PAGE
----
Though it is a phrase that is often heard, even among ADHD experts, it’s a phrase I do my best not to use: “You are ADHD.”
Of course, there are also these: “He is ADHD,” “She is ADHD,” “I am ADHD,” “They are ADHD,” etc. I try my best to avoid them as well – and sometimes to correct people who use those words to describe an individual whose neurodevelopmental disorder of ADHD is, at most, something they “have.” It is not their identity – not who they ARE!
Sometimes it’s easy to forget that someone who has ADHD is a whole person with many strengths, unique characteristics, and attributes that are not part of ADHD. It can be especially difficult for the individual who has ADHD brain wiring to remember that he is much more than the person who seems always to be on the receiving end of judgment and criticism. Greater understanding of ADHD is essential so that the 5-10 percent of people who have this type of brain wiring can grow up appreciating themselves and their many gifts and strengths.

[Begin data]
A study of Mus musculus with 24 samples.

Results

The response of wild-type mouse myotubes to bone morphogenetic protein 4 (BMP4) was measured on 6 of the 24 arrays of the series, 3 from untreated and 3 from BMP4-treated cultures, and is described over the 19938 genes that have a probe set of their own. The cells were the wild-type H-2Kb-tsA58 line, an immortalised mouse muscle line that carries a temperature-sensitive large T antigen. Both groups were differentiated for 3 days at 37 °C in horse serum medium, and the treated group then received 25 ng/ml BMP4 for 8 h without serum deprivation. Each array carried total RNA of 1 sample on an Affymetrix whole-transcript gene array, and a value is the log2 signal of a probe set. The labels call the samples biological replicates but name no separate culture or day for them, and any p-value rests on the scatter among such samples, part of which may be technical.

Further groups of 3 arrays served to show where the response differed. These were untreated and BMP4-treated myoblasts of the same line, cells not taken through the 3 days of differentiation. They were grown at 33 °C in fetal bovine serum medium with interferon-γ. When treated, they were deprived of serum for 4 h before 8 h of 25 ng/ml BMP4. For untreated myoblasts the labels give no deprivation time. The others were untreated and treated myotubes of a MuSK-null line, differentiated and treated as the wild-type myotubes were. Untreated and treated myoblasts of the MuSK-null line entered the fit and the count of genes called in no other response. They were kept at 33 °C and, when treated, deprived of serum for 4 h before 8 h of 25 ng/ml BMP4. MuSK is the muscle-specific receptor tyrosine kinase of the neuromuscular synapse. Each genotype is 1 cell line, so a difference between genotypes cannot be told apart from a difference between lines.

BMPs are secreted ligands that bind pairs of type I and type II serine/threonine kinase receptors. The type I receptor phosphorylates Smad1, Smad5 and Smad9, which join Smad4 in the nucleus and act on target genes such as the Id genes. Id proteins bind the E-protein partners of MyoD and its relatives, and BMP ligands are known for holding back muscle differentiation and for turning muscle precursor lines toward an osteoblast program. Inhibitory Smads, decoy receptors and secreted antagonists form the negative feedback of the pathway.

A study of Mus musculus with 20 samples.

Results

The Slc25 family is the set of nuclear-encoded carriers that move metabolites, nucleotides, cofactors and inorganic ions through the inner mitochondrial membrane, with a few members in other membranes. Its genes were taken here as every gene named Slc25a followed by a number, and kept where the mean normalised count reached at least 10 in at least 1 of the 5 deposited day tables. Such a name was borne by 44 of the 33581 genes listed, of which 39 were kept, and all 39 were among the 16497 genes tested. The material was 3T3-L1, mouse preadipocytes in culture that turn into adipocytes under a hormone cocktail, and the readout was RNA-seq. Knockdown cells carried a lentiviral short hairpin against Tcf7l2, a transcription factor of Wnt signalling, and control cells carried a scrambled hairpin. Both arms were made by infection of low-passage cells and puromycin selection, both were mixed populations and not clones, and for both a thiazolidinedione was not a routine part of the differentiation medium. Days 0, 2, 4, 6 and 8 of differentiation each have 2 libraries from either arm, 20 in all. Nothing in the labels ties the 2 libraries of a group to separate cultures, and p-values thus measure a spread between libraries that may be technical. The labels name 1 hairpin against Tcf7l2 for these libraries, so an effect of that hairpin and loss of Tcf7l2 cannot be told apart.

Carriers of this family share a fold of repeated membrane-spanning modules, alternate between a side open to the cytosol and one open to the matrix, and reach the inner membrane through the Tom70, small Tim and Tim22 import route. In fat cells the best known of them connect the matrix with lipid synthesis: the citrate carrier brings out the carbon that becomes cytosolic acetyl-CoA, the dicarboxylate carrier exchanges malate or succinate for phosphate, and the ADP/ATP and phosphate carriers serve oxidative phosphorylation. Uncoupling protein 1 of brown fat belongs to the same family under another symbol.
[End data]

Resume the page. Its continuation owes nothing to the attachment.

ADHD Awareness Month is a wonderful time to celebrate neurodiversity – the variety of individuals who make our world richer by their differences. An article in Forbes a couple of years ago celebrated the enormous contributions to the world made by individuals with ADHD brains who would not trade their unique abilities for “normal” brains even if they had the chance. Check it out here.
Linda Swanson is an ADHD Coach in Warrenton, Virginia. She and her husband, Neil, are partners at Free To Be Coaching, LLC, where they coach in person or by phone, Skype, or FaceTime. They coach students from middle school through college as well as adults of all ages, and they also facilitate two support groups for parents of children with ADHD. Linda and Neil are both graduates of the ADD Coach Academy and are credentialed by the International Coach Federation and the Professional Association of ADHD Coaches. Linda can be reached at email@example.com or (703) 508-4774.